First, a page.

Mark Pestronk
Mark Pestronk

Q:  I am a home-based agent hosted by a brick-and-mortar agency. Could you give me some advice about what changes I should be requesting to the standard-form "independent contractor agreement" that my host has sent me?

A: According to Travel Weekly's 2014 Travel Industry Survey, 52% of U.S. travel agencies are now home-based. The majority of these are probably independent contractors, and the majority of those probably have standard independent contractor agreements that overwhelmingly favor the host and omit key points that could make the contract clearer and more equitable. If you are reviewing one of those independent contractor agreements, here are a dozen key issues to focus on:

1) Is the commission split clear and comprehensive? You need to specify whether "commissions" include other forms of travel agency revenue such as markups, point-of-sale overrides, back-end-overrides and fees. If not, the agreement needs to specify what the term does not include.

2) In the case of groups, how and when are "commissions" calculated? They can be figured before or after direct expenses, and before or after the group accounting closes.

3) What rights does the host have to deduct costs from your split for debit memos, refunds and the like?  Typically, hosts' standard agreements require you to indemnify them against any liability that you create, regardless of whether you are at fault.

4) Are there any costs that you must pay, such as desk rental, listed in the agreement, and is the method of payment clear?

5) Must the host provide a detailed accounting of sales and commissions along with each payment?

6) Are the host's payment deadlines fixed? Is the deadline a specific day of the month as opposed to a date after the host's accounting is finished?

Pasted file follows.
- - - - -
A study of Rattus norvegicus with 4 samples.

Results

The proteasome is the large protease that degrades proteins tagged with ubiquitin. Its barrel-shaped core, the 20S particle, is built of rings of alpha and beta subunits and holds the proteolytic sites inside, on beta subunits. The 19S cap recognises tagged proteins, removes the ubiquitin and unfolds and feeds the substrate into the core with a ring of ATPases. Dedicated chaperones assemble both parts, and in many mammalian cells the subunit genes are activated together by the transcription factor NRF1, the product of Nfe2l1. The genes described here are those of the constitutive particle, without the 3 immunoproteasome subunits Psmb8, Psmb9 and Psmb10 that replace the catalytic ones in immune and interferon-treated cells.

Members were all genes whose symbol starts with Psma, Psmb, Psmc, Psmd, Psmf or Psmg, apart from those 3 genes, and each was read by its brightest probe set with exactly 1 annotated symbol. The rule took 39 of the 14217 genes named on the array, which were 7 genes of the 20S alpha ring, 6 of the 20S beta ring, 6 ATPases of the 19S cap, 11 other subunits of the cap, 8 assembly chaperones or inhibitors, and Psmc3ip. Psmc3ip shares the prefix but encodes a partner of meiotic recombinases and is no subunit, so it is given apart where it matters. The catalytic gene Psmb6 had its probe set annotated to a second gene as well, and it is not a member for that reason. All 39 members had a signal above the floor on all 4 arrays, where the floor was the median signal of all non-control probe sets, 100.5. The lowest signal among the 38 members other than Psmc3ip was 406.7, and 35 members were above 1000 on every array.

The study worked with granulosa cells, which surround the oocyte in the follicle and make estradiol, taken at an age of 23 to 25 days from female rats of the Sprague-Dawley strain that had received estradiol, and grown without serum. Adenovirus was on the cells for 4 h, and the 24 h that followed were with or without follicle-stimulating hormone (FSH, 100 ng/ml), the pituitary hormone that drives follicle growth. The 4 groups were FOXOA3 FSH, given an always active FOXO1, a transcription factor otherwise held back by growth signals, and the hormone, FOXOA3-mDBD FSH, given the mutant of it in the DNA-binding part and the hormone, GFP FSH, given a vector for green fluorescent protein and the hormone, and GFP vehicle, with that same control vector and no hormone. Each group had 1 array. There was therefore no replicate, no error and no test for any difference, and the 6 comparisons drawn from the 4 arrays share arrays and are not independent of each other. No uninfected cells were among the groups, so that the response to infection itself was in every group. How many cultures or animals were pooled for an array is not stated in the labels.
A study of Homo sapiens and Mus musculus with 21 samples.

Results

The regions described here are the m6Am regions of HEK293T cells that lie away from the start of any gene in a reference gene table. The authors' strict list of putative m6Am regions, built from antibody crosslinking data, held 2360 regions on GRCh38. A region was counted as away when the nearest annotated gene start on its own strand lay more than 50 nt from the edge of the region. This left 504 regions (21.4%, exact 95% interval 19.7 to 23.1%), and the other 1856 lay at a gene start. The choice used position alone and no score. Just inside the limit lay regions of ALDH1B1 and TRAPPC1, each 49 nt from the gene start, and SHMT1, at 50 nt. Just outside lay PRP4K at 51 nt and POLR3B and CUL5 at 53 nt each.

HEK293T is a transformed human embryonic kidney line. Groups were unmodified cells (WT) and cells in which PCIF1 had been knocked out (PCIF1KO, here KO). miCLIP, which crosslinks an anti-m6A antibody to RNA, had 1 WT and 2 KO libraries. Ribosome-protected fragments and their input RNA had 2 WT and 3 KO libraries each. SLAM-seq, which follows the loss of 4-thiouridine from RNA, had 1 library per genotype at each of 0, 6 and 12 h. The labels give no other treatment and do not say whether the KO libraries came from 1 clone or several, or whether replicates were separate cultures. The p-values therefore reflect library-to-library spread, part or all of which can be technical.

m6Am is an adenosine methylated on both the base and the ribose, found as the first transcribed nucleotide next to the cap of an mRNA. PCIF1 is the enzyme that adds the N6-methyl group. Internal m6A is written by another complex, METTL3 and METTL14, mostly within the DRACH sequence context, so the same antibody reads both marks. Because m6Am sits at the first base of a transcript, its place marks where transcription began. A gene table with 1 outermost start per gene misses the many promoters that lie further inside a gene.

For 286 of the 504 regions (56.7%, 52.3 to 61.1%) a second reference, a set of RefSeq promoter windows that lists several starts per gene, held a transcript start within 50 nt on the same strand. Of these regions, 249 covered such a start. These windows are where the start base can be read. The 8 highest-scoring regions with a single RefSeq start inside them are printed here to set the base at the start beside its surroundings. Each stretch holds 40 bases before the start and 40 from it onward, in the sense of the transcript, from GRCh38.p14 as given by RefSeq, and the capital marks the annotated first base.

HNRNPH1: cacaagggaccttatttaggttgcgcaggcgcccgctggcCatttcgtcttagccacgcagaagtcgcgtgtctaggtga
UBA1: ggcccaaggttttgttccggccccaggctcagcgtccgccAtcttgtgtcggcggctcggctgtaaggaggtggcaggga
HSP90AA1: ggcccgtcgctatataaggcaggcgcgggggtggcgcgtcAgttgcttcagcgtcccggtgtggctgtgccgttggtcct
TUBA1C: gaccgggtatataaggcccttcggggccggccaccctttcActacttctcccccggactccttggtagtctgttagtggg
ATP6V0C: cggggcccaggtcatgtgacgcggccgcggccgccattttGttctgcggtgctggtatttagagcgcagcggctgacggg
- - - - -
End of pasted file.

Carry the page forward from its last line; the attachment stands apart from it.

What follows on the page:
7) Do you have the right to audit the host's books in case you dispute the host's payment? Revenue accounting is always more complicated than it sounds in theory, so you may want the right to have a CPA do the auditing.

8) Do you have the right to receive residual commissions after termination of the agreement? If so, for how long?

9) After termination, does the host have the right to solicit and service your clients? Remember that, in the absence of contractual restrictions, each party is free to solicit and service the other party's clients.

10) Are your rights to reduced-rate travel, fam trips and the like, if any, set forth in the contract?

11) Are you allowed to work with other agencies, or must you work only with the host? Contrary to popular belief, exclusivity clauses do not automatically result in IRS reclassification of the independent contractor relationship, as the IRS does not view exclusivity as a red flag.

12) May the host terminate you without cause, and if so, how much notice is required? In most cases, either side can terminate without cause, but you want to make sure that the host must give you sufficient advance notice of termination so you can be all set to start with another host at termination.